Sky News special Climate After Covid: A Green Recovery? examined where the pandemic leaves us with climate change – and whether in rebuilding the economy we can also reduce carbon emissions.
In the midst of a pandemic it’s easy to feel momentum has been lost for tackling the climate emergency.
Our programme on the climate after COVID-19 showed the energy and drive to find solutions to the crisis hasn’t diminished – and above all showed the sense that people want to be part of the solution.
Our virtual audience don’t want to be dragged on that journey of necessary change. They are willing participants.
It means somehow the enthusiasm which is still there after COVID needs to be harnessed.
The power of education
The findings of the UK’s first-ever Citizens Assembly on climate taught us that education and understanding has real influence on people to do more.
People want to be part of the solution and they should be.
Panel member Audrey Gallacher told us: “Once you start educating people, they can start making informed decisions. We need to start demanding things from government and businesses.”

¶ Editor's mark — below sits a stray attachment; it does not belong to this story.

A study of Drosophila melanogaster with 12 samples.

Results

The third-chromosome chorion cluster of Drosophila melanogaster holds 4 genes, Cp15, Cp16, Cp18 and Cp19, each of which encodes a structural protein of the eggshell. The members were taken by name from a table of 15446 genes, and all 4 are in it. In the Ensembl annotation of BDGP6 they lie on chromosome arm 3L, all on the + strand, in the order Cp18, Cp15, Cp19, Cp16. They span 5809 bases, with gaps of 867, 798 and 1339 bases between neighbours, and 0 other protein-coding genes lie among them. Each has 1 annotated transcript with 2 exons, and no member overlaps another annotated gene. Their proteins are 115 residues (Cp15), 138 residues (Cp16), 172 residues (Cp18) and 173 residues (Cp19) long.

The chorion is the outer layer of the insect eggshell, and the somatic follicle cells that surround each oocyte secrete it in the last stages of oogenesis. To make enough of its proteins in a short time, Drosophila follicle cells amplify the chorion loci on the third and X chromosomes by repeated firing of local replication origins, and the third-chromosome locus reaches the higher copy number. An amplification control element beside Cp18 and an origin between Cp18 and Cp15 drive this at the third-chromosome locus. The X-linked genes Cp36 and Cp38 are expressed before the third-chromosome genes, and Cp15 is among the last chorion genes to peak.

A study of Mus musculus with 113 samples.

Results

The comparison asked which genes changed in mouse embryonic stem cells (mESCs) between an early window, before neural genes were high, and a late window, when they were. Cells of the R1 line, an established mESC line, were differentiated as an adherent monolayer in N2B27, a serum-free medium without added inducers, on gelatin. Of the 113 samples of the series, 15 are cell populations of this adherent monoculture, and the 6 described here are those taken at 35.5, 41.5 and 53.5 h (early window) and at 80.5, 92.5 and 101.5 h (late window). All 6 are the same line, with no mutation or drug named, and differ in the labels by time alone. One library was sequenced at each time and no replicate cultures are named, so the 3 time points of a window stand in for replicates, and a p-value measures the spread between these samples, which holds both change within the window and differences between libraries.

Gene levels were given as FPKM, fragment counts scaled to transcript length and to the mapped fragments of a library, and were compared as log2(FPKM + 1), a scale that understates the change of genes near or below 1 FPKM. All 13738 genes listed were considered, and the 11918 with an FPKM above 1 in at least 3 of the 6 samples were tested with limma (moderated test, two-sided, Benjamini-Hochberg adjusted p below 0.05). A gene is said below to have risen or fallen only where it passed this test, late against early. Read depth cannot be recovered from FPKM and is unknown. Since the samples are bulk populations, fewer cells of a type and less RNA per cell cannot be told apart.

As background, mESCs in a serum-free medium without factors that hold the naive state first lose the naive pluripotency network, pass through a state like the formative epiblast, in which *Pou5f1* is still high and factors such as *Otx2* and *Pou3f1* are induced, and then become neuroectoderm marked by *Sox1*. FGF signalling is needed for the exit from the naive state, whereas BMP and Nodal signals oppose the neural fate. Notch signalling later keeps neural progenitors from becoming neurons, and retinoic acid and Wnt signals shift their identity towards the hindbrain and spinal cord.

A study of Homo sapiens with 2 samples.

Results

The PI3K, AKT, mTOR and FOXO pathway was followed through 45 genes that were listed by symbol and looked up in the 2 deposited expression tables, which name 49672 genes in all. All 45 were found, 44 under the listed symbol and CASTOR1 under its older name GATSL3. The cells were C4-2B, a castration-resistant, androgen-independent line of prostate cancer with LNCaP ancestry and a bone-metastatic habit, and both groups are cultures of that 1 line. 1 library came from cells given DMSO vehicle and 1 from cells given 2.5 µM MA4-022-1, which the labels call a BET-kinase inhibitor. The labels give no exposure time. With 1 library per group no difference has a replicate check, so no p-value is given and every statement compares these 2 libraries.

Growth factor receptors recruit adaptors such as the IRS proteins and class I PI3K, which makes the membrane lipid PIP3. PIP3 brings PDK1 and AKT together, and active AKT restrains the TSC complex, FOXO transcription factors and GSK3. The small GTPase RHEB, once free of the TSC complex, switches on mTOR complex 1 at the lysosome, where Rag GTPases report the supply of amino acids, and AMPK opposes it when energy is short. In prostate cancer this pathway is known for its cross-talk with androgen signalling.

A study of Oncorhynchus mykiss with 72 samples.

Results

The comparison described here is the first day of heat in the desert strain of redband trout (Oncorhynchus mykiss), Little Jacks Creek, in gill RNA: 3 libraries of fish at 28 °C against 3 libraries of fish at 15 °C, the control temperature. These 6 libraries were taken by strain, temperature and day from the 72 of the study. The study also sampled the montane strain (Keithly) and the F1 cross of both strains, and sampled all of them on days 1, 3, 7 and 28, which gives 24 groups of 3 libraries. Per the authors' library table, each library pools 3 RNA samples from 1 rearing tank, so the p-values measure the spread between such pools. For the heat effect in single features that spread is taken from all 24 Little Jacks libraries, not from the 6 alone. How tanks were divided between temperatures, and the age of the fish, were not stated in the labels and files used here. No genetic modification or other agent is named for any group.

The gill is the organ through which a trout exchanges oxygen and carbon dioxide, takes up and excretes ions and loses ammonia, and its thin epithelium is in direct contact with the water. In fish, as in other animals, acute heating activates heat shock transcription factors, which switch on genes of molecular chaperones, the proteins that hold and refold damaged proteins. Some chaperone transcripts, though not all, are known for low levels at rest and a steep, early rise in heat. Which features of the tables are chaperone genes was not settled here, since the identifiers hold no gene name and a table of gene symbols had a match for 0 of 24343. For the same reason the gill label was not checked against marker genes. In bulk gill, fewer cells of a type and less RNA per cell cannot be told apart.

A chance to ‘rebuild green’
We know a green recovery is central to getting the economy back on its feet. It’s too early to judge if that will happen.
Few dispute that the fallout from a pandemic provides an opportunity to build back green.
There’s plenty of talk but the programme raised question marks for me over whether governments globally will have the ambition and the money to do this.
But the reality is short-changing climate solutions will come back to haunt us.
It was really well put by panel member Saleemul Huq, who said: “Leaders who listen to scientists and take action at the right time save lives.”
It’s not just about rich countries
My third takeaway from the programme builds on global ambition.
The message was don’t dismiss countries on the frontline of climate change as always needing a helping hand.
From Saleemul Huq we learnt about the use of solar energy in rural Bangladesh, and the reminder that technological developments aren’t confined to the developed world.
Refocusing on the plastic battle
Fourthly, the programme served as a pertinent reminder not to forget the message to pass on plastic.
The message has been strong in recent years, but during the pandemic – understandably – public health has come first.
Individuals can make a difference
And finally, individuals came together to form a global panel but the programme reminded us that even without engagement of powerful countries like the United States individuals can make a difference.